What Do Real Bears And Teddy Bears Have In Common?


Did you know that “teddy bears” were named after the 26th President of the United States Theodore “Teddy” Roosevelt? Apparently, President Roosevelt was on a bear hunt in Mississippi, and after three days of walking, and climbing, and searching, there wasn’t a bear in sight. In effort to make sure the President got a bear, the hunting guides used dogs to find and capture an old black bear.

They tied the wounded bear to a tree, and told the President to come and shoot this bear. An avid hunter and a true sportsman, Roosevelt refused to shoot the bear just for sport. Since the bear was wounded and in pain, he ordered them to put the bear down to relieve his suffering. Clifford Berryman, a political cartoonist that regularly depicted current events in his work, drew a cartoon illustrating the hunt with a cute bear cub.

What do Real Bears And Teddy Bears Have In Common?

Source: Biography

After the drawing appeared in the papers, a store owner and toy inventor Morris Michtom wrote to the President and asked for permission to call some toy bears he’d made “Teddy’s Bears.” The President agreed, and teddy bears became popular among children and adults. Original teddy bears were designed to look a lot like real bears with beady eyes and extended noses, but have evolved to look cute and cuddly for mass appeal.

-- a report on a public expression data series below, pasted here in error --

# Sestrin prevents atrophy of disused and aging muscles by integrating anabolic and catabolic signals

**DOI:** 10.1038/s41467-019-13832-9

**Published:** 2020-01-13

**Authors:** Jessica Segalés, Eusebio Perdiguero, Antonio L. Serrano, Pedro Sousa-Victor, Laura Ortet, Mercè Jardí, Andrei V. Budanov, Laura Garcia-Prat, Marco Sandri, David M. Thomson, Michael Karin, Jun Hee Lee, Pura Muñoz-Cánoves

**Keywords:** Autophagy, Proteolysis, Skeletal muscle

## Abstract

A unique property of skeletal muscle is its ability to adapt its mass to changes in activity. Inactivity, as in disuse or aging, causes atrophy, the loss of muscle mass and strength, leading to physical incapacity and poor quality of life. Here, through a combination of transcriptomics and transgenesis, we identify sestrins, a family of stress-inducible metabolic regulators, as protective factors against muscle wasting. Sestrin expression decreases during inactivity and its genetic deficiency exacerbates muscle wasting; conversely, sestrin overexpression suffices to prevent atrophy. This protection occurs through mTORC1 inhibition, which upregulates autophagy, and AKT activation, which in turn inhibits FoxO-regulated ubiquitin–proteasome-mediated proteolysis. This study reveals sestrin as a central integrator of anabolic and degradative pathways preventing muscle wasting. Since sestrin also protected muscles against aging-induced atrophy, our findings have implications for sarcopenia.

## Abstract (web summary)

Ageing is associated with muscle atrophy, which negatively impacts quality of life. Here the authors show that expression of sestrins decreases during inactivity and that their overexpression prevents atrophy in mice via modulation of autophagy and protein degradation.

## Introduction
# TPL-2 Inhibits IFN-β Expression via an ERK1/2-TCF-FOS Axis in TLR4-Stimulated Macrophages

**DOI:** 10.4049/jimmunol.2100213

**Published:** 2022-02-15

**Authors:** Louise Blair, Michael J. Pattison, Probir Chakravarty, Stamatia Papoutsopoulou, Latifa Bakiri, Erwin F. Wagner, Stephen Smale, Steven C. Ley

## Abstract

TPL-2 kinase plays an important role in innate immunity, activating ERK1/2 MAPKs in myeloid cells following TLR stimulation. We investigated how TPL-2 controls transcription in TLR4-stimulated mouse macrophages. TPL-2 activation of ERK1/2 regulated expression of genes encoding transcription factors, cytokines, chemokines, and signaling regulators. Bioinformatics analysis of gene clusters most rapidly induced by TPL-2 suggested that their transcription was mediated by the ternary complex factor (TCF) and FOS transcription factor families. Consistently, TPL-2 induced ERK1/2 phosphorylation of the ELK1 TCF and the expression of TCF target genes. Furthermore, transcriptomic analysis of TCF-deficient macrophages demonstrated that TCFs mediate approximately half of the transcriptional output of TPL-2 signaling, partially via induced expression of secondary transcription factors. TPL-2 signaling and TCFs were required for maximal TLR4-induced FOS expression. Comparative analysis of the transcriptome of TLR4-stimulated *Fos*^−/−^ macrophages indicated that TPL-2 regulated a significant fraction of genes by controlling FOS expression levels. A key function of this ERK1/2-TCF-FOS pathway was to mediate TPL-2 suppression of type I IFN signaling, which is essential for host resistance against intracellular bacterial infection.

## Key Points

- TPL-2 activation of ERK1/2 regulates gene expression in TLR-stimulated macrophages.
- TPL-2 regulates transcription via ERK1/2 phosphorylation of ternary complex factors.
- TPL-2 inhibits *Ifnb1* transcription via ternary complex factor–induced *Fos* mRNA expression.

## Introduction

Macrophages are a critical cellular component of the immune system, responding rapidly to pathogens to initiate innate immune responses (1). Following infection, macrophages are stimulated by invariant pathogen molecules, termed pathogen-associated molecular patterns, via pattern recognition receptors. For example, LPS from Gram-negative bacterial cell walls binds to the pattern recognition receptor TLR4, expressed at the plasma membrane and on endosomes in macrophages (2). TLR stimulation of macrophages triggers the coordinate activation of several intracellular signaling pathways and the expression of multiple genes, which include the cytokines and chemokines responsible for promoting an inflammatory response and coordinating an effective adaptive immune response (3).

What do Real Bears And Teddy Bears Have In Common?

While teddy bears may have been inspired by real bears, real bears are not as cute and cuddly as their stuffed counterparts. On Earth Day this April 18, Disneynature’s new True Life Adventure “Bears” opens in theaters. The documentary follows the adventures of two mother grizzly bears and their young cubs during a year of their lives in the beautiful Alaskan wilderness.

Watch as the bears come out of hibernation, and the cubs take off to explore the outside world, unaware of possible avalanches and other potential threats. “Bears” captures the fast paced action and suspense as you witness their quest for survival. The film enables moviegoers to observe the bears in their natural habitat as they work together as a family to find food and avoid predators.

Catch a sneak peek of the film in this new featurette, and get a glimpse of the beautiful Alaskan backdrop.

Directed by Alastair Fothergill (“Earth,” “African Cats” and “Chimpanzee”) and Keith Scholey (“African Cats”), “Bears” roars into theaters April 18, 2014, Earth Day.  ”Like” Disneynature on Facebook to see more of these magnificent creatures or join the conversation on Twitter @Disneynature.